Research Overview

Project I: Develop toolkits of biomaterials for precise and flexible control of CAR-T cell phenotype that excels in the local environment.

Chimeric antigen receptor (CAR) T cell therapy, as a successful example of immune cell engineering, is revolutionizing the clinical treatment of B cell malignancies. However, it still faces major challenges in treating a broad population of patients and other types of cancer. CAR-T cell manufacturing typically involves ex vivo activation of human T cells for expansion and CAR gene engineering. Manufacturing optimizations have mainly focused on the cell product quantity, but little attention has been given to their quality in terms of memory or effector phenotype. Memory cells have better proliferative features and are equipped to persist over time, while effector cells feature higher metabolic activity and are more prevalent in local tissues. Precise control of these phenotypes can be essential for optimal anti-tumor efficacy in different tumor environments. In this project, we develop biomaterial platforms that stimulate T cells and deliver CAR genes to generate cell products with ideal phenotypes for different disease environments.

Project II: Construct implantable recharge stations and mod shops for T cells through precision biomaterials with multi-functionalities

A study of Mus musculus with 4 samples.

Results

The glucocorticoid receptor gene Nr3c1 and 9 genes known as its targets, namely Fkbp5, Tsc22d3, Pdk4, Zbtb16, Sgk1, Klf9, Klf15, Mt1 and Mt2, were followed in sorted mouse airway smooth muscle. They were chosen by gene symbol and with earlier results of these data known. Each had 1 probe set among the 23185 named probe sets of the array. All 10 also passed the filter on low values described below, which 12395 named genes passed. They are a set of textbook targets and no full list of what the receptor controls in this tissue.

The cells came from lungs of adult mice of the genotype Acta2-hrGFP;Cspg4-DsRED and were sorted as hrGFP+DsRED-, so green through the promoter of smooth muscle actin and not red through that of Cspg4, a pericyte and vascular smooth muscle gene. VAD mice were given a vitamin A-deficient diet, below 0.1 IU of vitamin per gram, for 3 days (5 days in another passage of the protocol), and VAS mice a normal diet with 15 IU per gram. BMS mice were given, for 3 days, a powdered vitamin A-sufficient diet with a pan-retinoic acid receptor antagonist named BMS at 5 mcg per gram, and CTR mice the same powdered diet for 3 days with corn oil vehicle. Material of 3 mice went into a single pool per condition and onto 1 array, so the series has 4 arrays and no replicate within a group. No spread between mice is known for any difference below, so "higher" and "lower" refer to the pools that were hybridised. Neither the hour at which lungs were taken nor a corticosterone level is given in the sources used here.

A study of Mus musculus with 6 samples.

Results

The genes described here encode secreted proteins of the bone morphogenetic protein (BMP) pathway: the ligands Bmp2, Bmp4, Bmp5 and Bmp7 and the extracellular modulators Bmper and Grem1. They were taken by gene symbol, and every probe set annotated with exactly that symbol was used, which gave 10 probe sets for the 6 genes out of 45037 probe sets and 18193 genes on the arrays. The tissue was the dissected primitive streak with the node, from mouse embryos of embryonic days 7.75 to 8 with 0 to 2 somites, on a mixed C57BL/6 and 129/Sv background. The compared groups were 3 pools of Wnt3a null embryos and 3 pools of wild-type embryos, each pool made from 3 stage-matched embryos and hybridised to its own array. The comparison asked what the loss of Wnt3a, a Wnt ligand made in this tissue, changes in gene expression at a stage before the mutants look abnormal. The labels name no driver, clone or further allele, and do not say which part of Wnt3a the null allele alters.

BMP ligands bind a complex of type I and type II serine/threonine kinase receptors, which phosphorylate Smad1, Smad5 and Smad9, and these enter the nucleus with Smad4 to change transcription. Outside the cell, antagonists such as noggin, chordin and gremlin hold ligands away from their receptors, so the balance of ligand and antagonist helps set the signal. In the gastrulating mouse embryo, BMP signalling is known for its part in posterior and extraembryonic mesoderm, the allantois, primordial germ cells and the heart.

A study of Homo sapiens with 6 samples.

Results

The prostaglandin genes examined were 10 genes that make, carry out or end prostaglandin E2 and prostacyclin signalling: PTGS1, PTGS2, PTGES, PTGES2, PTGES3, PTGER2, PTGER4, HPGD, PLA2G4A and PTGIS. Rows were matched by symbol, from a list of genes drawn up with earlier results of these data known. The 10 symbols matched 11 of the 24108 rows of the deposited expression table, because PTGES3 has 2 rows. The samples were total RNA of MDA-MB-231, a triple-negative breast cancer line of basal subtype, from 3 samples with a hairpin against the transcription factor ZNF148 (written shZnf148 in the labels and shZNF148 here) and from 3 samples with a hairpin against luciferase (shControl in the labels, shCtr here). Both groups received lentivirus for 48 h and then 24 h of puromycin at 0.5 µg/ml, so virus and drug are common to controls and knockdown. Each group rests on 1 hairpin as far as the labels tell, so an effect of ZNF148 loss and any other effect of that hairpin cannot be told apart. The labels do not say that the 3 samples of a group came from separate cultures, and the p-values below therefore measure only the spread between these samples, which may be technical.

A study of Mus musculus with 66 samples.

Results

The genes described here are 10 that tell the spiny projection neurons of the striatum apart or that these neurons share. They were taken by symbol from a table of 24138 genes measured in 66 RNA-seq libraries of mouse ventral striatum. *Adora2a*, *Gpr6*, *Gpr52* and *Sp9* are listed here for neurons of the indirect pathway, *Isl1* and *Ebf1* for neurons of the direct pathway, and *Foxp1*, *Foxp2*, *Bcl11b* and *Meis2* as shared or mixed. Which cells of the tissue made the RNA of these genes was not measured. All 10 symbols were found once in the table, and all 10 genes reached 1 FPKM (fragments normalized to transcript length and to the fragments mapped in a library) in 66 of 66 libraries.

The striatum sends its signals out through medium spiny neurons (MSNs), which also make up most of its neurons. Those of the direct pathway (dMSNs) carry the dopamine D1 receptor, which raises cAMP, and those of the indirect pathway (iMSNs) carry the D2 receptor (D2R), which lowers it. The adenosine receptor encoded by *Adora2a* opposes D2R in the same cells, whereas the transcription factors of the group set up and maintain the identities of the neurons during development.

An emerging narrative from many studies is that the optimal anti-tumor T cell phenotype is biphasic. During the ex vivo expansion and priming phase of immunotherapy, the maintenance of memory cell phenotype with high proliferation capacity is key. Conversely, at the site of the tumor in vivo, especially for solid tumors, the effector phenotype with robust metabolic activity for anabolic synthesis is required to overcome the suppressive environment and exert their cytotoxicity. Therefore, we aim to use pharmacological interventions, for example, administrating antigens, co-stimulatory ligands, and checkpoint inhibitors, to modulate phenotypic features after in vivo infusion of T cells. These immunomodulatory molecules can be delivered via biocompatible materials to extend their half-life in vivo and to enable the spatio-temporal control of immune cells. Furthermore, surface display of signals on synthetic surfaces and their quantitative control can better mimic natural cell-cell interfaces to precisely program cell phenotypes for optimal efficacy.

Project III: Build in vitro tumor models with spatial precision through synthetic engineering of materials and cells to study T cell infiltration

Cytokines and chemokines (CK) form essential communication language among tissue-resident cells and immune cells in systems immunology. Deciphering this language is key for developing effective immune cell therapy that can turn “cold” tumor (non-T cell inflamed) into “hot” tumor (T cell inflamed) in difficult situations. CK naturally form gradient signals to guide immune cell migration. However, it is challenging to generate in vivo models with this precision and to quantify the dynamic cell migration process. Therefore, in vitro tumor spheroids with live-cell imaging can bring advances for high-throughput and quantitative screening of CK that facilitate T cell homing. In this project, we aim to develop 3D-cultured organoids with a radial-gradient pattern of CK distribution to enable the real-time and quantitative T cell migration study. We use a combinatorial approach of materials engineering and synthetic biology to spatially program CK secretion within the tumor organoid.